The idea of an unconference, like this or this, allows attendees to generate their own ideas, empowers them to teach to those ideas and creates organic learning opportunities. Adding on to "dymystifying the college process" is empowering students to feel like they are the experts. They can share resources and tools with each other, and wrestle with this journey to finding resources together. This is not to be confused with students advocating for what they need. That skill is definitely important! They should know when to ask for help and how to craft questions, but there is piece of the journey to college that is missed, if we deny students the opportunity to help each other. Students teaching students is an approach I think is worthwhile. To teach is to learn twice.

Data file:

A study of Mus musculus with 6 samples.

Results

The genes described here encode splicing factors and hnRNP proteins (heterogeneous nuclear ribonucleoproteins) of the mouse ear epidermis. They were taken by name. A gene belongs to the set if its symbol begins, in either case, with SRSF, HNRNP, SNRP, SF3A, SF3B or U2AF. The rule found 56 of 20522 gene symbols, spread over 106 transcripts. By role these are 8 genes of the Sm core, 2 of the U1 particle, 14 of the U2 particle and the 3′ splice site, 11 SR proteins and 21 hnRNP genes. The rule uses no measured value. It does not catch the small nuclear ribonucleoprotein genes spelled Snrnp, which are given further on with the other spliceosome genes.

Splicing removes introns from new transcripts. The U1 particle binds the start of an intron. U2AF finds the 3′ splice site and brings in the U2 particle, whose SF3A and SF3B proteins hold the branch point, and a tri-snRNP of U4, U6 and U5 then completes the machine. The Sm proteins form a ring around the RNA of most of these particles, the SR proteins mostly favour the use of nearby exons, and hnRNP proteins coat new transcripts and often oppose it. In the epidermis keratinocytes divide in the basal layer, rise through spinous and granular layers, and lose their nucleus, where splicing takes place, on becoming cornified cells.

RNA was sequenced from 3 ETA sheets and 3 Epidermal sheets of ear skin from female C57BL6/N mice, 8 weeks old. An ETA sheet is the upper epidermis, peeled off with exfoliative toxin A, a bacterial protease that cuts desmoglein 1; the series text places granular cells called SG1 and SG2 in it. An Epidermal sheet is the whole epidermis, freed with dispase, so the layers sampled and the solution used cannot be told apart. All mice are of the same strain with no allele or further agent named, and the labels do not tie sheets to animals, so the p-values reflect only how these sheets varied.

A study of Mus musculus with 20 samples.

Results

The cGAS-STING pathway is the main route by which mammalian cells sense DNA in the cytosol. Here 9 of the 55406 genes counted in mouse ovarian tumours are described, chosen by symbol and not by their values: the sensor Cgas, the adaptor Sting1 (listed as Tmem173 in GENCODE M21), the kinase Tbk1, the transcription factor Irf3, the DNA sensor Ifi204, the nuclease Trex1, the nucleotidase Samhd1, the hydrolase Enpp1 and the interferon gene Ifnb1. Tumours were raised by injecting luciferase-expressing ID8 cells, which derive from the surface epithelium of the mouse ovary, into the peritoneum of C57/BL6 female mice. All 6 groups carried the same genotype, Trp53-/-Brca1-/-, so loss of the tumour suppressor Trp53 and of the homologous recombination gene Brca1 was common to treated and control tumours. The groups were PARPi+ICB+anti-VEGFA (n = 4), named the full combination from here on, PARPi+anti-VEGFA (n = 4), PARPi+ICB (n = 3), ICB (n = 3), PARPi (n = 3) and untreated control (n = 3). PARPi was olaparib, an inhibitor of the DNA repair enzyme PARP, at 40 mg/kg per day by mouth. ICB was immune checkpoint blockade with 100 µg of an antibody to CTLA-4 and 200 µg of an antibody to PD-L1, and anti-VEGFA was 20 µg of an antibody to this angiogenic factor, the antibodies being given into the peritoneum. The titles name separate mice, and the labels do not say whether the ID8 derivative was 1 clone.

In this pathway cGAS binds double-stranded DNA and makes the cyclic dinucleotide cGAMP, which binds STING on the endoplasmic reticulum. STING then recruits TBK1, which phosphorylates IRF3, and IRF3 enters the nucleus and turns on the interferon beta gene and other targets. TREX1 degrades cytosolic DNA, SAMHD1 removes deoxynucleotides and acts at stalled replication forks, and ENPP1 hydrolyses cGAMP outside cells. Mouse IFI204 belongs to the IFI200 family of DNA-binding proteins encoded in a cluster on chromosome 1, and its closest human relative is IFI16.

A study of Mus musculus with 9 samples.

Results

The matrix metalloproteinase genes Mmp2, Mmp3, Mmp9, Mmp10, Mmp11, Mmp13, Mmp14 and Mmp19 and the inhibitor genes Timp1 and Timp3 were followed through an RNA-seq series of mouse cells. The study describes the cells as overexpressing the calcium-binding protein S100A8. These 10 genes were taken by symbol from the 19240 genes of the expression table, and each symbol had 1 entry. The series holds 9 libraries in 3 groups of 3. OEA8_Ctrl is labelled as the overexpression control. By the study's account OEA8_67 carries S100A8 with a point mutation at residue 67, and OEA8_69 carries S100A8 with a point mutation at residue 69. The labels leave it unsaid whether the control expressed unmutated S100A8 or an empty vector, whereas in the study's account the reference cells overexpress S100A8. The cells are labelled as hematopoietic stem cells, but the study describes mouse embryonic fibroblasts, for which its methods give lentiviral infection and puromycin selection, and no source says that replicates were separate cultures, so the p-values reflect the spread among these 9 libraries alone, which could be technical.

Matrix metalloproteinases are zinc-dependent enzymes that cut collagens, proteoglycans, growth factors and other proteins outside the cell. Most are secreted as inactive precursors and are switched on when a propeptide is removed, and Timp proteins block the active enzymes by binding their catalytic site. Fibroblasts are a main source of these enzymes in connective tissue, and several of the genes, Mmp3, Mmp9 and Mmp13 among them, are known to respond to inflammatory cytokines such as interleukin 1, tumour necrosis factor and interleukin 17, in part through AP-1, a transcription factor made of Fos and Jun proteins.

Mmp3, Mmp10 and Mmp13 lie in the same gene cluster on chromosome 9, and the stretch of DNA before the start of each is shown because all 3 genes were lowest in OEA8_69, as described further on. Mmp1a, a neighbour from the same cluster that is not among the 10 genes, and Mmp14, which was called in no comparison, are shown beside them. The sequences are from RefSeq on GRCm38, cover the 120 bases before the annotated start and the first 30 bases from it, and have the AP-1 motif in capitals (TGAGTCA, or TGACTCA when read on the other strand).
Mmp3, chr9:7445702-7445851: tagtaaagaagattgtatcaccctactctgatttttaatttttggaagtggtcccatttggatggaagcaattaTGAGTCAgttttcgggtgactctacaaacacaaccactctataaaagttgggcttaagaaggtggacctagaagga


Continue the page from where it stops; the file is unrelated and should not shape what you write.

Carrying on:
Sample Unconference Agenda
- students are welcome with a nice breakfast (students on their way to college + students in college)
- giant whiteboard with markers for every student
- students write topics on the board --things they want to talk about
- then "experts" of those topics identify themselves
- then the "Unconference" moderators create these organic groups of topics + self-nominated experts
- then students can attend those workshop topics that appeal to them - students taught by other students
- end with an idea lightning round swap
- flip the giant whiteboard over and folks write down their takeaways and throughout the conference create hashtags to share with the broader community.
Can we imagine what would happen-- if we let students own this process?